You’ve probably heard that phrase before.  Well, I’m here to tell you that it is fatally flawed.

It is easy to boost turnover – Just do a few deals with a few customers willing to snap up a discount.  Salespeople all over the world do this every day, and get paid a bonus for it, in spite of the damage they are doing to margins. (Don’t get me started on pricing and margins – I’ll save that for another day)

It is actually quite easy to make a profit – Just sell stuff for more than you paid for it.  If things get a bit tight then your accountant will know how to massage the balance sheet in order to squeeze out a little bit – or maybe a lot – more.

Beware, however, as both of the above methods are a well trodden path to disaster.  A few years down the line your salesperson and your accountant will exit, taking a nice bonus, and leaving someone else to sort out the greedy customers, the lack of bad debt provision, the piles of obsolete stock, the fixed assets clean-up and creditors baying for blood.

What isn’t quite so easy is managing the cash.  It is the one sane truth left after all the other metrics have been massaged.  It is the single most important factor in deciding if your business is going to fail.  More than anything else, businesses go bust because of lack of cash.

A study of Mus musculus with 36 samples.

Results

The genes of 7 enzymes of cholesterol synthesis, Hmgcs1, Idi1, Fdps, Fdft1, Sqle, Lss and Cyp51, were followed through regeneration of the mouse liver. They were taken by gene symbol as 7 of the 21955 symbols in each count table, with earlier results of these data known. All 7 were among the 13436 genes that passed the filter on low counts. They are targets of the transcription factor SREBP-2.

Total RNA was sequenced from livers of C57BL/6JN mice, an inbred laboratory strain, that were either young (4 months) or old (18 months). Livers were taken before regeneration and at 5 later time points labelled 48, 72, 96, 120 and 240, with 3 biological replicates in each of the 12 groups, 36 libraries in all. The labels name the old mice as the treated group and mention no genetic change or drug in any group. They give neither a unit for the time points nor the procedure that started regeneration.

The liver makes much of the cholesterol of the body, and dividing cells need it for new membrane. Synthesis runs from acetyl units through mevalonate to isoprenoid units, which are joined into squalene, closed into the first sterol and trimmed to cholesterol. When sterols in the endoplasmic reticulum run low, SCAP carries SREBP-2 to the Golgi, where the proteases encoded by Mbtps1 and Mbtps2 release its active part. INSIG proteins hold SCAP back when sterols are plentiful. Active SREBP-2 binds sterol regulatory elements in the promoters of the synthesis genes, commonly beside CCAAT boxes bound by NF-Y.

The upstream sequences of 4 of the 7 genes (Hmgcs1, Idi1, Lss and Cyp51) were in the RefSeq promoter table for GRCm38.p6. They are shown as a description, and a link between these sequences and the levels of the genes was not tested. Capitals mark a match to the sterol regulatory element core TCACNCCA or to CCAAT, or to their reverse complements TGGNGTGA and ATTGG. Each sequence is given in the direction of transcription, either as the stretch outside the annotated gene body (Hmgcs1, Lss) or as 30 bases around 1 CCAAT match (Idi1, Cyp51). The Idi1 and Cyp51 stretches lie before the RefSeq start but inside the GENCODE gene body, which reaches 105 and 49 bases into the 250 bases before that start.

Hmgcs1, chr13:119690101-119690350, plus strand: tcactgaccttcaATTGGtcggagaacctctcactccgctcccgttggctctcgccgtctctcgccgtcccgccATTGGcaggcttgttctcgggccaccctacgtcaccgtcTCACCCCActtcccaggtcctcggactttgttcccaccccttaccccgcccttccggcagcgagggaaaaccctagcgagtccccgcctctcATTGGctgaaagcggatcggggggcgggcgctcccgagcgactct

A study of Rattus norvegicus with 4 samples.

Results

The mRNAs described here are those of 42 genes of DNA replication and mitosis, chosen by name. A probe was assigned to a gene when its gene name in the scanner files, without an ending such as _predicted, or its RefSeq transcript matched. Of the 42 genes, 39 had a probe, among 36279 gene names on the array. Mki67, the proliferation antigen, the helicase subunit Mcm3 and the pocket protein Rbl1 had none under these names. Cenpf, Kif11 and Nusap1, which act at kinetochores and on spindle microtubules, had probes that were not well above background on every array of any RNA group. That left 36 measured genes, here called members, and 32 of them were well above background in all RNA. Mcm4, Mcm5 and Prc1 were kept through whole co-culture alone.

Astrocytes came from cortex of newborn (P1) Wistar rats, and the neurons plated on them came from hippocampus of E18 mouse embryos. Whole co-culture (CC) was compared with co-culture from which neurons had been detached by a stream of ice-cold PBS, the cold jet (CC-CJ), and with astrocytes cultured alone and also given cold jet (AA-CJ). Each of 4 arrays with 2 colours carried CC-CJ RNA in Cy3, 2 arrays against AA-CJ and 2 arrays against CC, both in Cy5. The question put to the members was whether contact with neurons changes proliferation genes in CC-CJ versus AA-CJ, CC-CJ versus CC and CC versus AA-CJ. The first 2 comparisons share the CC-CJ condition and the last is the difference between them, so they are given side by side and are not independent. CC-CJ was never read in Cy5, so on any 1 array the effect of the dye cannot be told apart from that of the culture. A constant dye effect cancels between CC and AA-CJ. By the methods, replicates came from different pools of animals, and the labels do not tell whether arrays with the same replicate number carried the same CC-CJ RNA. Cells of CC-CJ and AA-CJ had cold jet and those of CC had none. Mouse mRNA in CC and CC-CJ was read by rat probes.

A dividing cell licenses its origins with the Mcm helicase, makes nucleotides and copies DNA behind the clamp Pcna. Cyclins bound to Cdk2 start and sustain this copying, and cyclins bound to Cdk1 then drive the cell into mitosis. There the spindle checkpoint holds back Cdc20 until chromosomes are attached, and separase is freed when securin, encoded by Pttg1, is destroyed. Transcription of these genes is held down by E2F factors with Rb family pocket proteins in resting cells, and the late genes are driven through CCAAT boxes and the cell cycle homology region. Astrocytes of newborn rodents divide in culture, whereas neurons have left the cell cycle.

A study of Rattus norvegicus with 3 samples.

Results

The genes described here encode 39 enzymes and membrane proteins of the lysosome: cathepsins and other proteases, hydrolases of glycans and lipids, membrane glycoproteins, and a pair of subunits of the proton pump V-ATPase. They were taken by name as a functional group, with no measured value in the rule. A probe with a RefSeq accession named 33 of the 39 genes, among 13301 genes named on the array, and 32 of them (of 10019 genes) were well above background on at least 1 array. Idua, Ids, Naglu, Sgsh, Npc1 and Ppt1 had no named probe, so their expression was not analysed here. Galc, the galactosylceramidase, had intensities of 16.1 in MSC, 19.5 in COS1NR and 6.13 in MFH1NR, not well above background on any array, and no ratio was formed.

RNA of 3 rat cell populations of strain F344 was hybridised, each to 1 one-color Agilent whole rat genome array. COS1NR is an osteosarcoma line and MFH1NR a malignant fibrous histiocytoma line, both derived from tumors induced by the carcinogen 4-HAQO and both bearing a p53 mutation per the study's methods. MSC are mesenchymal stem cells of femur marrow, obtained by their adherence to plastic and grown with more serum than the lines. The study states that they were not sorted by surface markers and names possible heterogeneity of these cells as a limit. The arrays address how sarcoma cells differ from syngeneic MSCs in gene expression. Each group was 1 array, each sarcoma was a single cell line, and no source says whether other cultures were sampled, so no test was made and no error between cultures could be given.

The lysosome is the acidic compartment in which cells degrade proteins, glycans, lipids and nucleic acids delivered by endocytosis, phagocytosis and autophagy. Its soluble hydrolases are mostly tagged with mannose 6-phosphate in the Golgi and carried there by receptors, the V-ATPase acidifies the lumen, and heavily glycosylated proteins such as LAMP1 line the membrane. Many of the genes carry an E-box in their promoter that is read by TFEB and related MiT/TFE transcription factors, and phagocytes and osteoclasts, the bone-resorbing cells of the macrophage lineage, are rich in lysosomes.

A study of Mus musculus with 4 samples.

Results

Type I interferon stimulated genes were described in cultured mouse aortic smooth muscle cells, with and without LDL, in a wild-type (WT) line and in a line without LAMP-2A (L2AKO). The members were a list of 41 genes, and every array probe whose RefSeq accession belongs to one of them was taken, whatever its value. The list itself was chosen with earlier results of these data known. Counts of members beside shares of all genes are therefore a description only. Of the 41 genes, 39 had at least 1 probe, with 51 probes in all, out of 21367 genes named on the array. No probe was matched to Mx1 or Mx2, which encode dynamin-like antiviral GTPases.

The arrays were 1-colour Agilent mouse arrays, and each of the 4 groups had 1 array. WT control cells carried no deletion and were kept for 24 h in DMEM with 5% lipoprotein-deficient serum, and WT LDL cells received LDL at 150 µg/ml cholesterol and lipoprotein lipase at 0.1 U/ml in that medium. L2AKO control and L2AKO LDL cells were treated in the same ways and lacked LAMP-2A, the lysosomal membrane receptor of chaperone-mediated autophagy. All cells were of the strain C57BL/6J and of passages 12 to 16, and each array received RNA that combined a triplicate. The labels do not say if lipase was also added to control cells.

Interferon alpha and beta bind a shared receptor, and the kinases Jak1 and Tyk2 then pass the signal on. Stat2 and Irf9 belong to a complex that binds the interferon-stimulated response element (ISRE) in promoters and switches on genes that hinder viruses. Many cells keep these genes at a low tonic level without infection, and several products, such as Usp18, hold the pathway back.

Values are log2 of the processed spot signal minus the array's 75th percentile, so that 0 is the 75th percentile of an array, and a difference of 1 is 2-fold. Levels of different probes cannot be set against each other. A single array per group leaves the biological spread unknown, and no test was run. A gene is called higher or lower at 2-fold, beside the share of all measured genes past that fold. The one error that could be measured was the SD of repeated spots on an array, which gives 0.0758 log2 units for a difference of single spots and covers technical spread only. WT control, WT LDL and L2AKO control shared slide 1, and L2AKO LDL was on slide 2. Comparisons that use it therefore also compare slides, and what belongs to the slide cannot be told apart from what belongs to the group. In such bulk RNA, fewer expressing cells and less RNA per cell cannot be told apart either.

Having a posh office, a fabulous website and a warehouse full of stock is meaningless if you cannot pay your staff, your suppliers or your tax bill.

Of course, it doesn’t help that we are brought up by accountants who force feed us a diet of budgets that focus on the P&L.  Each time being presented as turnover being the meat in the main course, the balance sheet relegated to a stodgy dessert and the cash flow getting ignored as we’ve all got indigestion by that point.

  • Do you know how much available cash there is in your business?
  • Are you monitoring cash on a daily basis?
  • Are you forecasting your forward cash flows?

If you said ‘no’ to any of the above then get a grip before it is too late!

The truth is that the opening phrase is wrong – profit is not sanity.  Too often profit is just a construct that almost any accountant can manipulate to fit the situation.  A good accountant, however, will tell you the truth, pick up the pieces, sort out the mess, and drive the cash.

How do I know?  I’ve spent the last ten years in business turnaround doing exactly that!